People have varying impressions about Japan – perhaps sushi, modern Harajuku fashion, or the history of powerful samurai come to mind. Yet, many are also taught to associate Japan with tragedy – the atomic bombings of 1945 or the March 2011 earthquake and tsunami are common classroom and media topics. Yet, Japan remains a thriving country – immaculately clean, technologically advanced, and tourist-friendly. How can a place with a history of so much destruction thrive?
Perhaps this is simply because the Japanese are used to it. Its position on the map has always been perilous – earthquakes, tsunamis, and typhoons are common occurrences. Volcanoes are everywhere. Historically, most structures were built of wood, a material particularly susceptible to fire and floods.
This means many of Japan’s historic sites are not original; they’ve been destroyed by earthquakes, fires, WWII-era bombings, or other calamities. Nara’s Todaiji Temple, one of the largest wooden buildings in the world and most visited sites in west Japan, has succumbed to fire damage and been rebuilt… twice. Even though the current structure is only about 300 years old (a short time considering it was initially completed in 751), it’s historical value hasn’t dwindled.
Similar cases are evident in places like Osaka Castle and Kinkaku-ji in Kyoto; even if the site isn’t completely authentic or original, it is still highly revered. The Japanese are also very mindful about reconstructing with the original character and design in mind, which certainly helps sites remain important and genuine in the eyes of both locals and tourists.
More common perceptions of Japan are the sense of oneness fostered by living in a primarily homogenous society and the almost robotic efficiency of the people and infrastructure. These views are exaggerated, but not entirely untrue in certain cases.
A study lent evidence to the power of community in saving lives during disasters after studying the casualties of the Tohoku earthquake in 2011. This “social capital” also helped prevent people from looting and acting recklessly and encouraged Japanese in unaffected regions to fundraise and send aid to the Tohoku area.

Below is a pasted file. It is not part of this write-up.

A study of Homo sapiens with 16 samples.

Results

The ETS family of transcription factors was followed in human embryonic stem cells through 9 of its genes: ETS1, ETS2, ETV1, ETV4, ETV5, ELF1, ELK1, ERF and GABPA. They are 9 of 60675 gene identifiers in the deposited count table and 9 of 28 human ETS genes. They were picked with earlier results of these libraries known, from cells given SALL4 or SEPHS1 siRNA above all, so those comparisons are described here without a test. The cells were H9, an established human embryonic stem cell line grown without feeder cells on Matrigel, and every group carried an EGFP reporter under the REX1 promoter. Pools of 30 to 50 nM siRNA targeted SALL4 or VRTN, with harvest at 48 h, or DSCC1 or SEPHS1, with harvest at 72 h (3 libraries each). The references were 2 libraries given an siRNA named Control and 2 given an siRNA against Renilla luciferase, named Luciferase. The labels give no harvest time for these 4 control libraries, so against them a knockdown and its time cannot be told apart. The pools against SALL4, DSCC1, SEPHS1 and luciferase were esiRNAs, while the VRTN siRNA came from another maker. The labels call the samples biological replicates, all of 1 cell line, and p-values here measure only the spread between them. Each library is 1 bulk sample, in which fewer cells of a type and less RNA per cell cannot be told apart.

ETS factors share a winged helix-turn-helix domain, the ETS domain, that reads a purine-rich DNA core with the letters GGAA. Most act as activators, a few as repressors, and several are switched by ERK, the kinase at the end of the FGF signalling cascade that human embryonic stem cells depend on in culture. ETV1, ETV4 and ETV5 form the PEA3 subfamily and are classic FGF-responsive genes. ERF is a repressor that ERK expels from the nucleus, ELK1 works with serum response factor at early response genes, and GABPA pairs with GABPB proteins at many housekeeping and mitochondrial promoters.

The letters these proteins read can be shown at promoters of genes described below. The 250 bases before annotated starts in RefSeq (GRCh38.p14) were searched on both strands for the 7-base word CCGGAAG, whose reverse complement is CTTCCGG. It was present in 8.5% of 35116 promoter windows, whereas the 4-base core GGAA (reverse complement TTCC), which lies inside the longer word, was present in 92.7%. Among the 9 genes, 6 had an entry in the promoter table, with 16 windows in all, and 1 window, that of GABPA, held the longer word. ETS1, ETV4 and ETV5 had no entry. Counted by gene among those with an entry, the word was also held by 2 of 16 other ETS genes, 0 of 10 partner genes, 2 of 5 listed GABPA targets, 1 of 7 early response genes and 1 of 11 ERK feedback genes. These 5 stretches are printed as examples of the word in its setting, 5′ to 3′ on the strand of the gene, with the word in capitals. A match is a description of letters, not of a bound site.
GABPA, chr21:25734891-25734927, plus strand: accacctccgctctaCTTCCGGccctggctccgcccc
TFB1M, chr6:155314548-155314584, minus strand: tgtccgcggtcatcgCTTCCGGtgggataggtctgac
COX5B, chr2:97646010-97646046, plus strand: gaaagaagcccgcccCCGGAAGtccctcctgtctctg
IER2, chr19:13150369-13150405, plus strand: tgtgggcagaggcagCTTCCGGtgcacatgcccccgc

Not only did citizens help each other after the quake, but the Japanese government has systems in place to mitigate disaster. The nation’s crisis management system includes the most advanced earthquake and tsunami warning in the world.
Although there are shortcomings, as in any country, it’s difficult to dispute the hardworking and helpful spirit of the Japanese. This translates to a swift recovery after disaster occurs.
Though Japanese infrastructure and commerce tend to recover quickly from natural (and other) disasters, the people have a long memory. Sites of destruction may be rebuilt, but they are also memorialized and preserved in interesting ways.
The Hiroshima Peace Park and Museum is one of the most powerful and humbling monuments in Japan, if not the world. The complex retells the history of the city before and after the atomic bombing in a way that is both moving and harrowing. The former Industrial Promotion Hall, now known as the Atomic Bomb Dome, has been reinforced but left standing as it was following the bombing; it is located just below where the bomb detonated. The park and museum are built around this site.
In 1995, the city of Kobe was decimated by the Hanshin Earthquake. Over 6,000 people were killed, and much of the infrastructure was damaged or destroyed, including entire buildings, subways, and highways. To remember this event, a section of Kobe’s port was preserved as it was after the quake and turned into a memorial.
Today, both cities are gorgeous and thriving. It’s hard to believe anything so destructive could have happened in the last century. Yet, the memory of both disasters lives on. This is the spirit of Japanese resilience: move on, but never forget.